Therapeutic Yoga:

Convincing Health Care


 “The stated ideal for this new world of integrative medicine should be broad enough to include the full range of yoga philosophy, practice, and experience, integrating the subtle wisdom of yoga with specific knowledge from the scientific domains. In the meanwhile, yoga teachers and studios, like their counterparts in health care organizations and educational institutions, will likely benefit from exploring some of the conceptual frontiers of this new map for integration.”

                           -Michael Cohen, Harvard Medical School

As Integrative Medicine becomes increasingly popular and considered best practice, the search for cost-effective, person-centered, evidence-based modalities will increase demand for modalities like yoga.  According to the National Institute of Health, yoga is the sixty most commonly used CAM therapies (Complementary and Alternative Medicine) – deep breathing and meditation (aspects of yoga) rank second and third.

The integration of primary care, behavioral health and public health, as well as the drive for cost-effectiveness and efficiency in health care delivery, will create more opportunities for therapeutic yoga teachers. This is the context within which therapeutic yoga needs to be understood by yoga and health care professionals. This is the way we frame therapeutic yoga in our Subtle® Yoga RYT500 Therapeutic Teacher Training program in order to give our students the most cutting edge perspective on their profession. Our students graduate with the skills necessary to thrive in the transforming Health Care market.

How can you build a bridge between your yoga skills and the health care professionals in your community? Here are four important points you should understand when selling yoga to health care professional:

  1. Using appropriate health care language to describe yoga
  2. Describing yoga as an evidence based modality
  3. Explaining how yoga can reduce costs
  4. Describing how yoga can improve patients experience of care

The Affordable Care Act pushes for formal collaboration between three different health systems which have traditionally been separate: primary care, behavioral health and public health. This is about saving money, but it’s also about improving patient outcomes and increasing the quality of care. Yoga has been proven effective, although much more research is needed on cost effectiveness and cost-benefit analyses. Given the astronomical cost of hospital-based treatment, the cost benefits of evidenced-based, low risk modalities like yoga are obvious.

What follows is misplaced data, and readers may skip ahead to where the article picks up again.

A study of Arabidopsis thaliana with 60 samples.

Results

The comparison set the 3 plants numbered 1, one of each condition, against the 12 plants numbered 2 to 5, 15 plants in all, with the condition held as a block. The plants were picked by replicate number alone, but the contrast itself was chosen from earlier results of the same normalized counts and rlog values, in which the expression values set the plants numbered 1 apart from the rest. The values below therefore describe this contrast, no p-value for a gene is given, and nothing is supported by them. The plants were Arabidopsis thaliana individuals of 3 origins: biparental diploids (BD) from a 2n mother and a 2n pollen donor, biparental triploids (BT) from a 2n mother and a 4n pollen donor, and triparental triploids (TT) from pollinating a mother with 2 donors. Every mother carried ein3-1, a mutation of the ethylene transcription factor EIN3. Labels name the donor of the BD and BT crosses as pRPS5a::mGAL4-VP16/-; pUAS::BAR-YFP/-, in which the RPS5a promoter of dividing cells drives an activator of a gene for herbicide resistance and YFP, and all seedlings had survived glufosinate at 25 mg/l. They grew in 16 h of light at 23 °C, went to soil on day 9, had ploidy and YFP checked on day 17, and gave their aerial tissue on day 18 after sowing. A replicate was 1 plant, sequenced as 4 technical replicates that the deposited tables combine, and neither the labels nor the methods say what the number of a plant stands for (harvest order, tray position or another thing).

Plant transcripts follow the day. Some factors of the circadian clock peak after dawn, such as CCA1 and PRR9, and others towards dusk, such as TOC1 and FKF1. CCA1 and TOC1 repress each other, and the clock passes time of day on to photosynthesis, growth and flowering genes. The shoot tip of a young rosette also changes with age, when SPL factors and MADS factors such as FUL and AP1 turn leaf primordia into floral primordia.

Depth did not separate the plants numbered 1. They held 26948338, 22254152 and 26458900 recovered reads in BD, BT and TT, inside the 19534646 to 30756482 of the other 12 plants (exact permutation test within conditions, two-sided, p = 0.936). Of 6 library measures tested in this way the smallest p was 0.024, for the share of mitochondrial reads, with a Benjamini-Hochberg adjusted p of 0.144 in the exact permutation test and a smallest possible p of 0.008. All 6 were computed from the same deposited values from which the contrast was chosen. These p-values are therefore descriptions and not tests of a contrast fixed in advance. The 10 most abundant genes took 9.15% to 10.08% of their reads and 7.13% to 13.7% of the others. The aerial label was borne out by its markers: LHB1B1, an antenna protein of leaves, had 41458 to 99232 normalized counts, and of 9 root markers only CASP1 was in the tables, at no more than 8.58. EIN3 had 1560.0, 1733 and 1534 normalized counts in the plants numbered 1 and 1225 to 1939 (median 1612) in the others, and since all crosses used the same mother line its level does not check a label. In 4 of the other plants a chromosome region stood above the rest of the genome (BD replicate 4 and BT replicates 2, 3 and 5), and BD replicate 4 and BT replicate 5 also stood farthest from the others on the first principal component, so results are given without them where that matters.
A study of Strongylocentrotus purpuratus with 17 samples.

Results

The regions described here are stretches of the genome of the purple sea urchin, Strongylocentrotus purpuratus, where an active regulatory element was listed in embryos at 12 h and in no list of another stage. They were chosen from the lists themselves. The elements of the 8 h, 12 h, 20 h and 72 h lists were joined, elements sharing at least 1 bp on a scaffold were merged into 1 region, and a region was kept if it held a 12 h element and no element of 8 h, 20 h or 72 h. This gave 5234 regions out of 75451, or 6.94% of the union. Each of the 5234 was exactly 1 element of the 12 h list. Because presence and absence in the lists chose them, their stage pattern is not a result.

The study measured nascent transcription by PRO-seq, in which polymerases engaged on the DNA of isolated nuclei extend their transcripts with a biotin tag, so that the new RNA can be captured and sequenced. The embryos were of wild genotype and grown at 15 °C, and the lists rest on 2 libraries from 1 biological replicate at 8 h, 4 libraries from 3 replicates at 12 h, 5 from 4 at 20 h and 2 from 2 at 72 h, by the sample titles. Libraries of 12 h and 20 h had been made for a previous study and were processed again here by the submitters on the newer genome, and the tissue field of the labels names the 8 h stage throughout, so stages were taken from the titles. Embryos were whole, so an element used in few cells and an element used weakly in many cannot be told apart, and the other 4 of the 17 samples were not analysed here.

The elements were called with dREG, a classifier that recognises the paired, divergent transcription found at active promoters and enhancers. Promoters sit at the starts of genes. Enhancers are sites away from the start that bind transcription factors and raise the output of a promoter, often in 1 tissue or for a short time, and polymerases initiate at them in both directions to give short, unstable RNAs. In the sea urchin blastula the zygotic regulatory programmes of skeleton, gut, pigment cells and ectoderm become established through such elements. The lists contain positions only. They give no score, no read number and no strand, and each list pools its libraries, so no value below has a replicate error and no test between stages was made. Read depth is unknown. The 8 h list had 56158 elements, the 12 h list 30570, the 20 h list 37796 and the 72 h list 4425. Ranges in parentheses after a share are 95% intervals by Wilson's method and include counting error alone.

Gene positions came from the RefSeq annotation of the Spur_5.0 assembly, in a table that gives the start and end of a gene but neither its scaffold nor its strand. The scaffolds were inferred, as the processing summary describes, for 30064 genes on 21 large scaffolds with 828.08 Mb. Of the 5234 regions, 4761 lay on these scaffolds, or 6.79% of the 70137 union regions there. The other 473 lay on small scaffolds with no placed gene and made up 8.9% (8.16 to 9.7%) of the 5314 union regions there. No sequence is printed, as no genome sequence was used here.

The Institute of Medicine’s landmark study, Crossing the Quality Chasm: A New Health System for the 21st Century (IOM, 2001), suggested that we need health care that emphasizes these qualities:

  •  Safe
  • Effective
  • Patient Centered
  • Timely
  • Efficient
  • Equitable

Does that sound like therapeutic yoga to you?

Using this kind of language with health care professionals in your community will help them to see that you have done your homework and are interested in the concerns of their profession. Additionally, you can describe therapeutic yoga as:

  • Affordable
  • Accessible
  • Facilitating Patient Self-Management

According to Dean Ornish, MD, founder and president of the Preventive Medicine Research Institute and Clinical Professor of Medicine at University of California, San Francisco, the Affordable Care Act provides greater opportunities for yoga in medicine because it offers preventive aspects that help offset or even defer much more costly surgical procedures. The cost benefits of prevention are well known, but unfortunately, hugely underfunded and underutilized. Here are some facts to emphasize when communicating with health care professionals in your community:

o   In 2008, Trust for America’s Health and the Robert Wood Johnson Foundation released a report showing that an investment of $10 per person annually in proven, community-based public health programs could save the United States more than $16 billion within five years—a $5.60 return for every $1 invested.

o   A review of more than 120 studies of comprehensive health management programs offered by employers as one approach to curtailing health care costs showed that in 2005 the employers experienced an average 26% reduction in health care costs and an average $5.81 returned for every $1 invested in worksite health promotion initiatives.

o   According to the Substance Abuse and Mental Health Services Administration (SAMHSA) and the CDC, for every $1 that is spent on prevention programs for kids, $18 are saved in tax costs.

A recent AETNA study demonstrated that yoga can help lower health care costs. As more and more of these studies are published, companies will begin to recognize the cost benefits of therapeutic yoga and offer reimbursement for yoga interventions.

We still have a long way to go. But the evidence is growing, the interest is increasing, and the need is glaring –therapeutic yoga offers a cost-effective, evidence based, person-centered solutions to the tsunami of health care issues we face. Let’s get it out there!

Learn more about our Therapeutic Yoga Teacher Training here.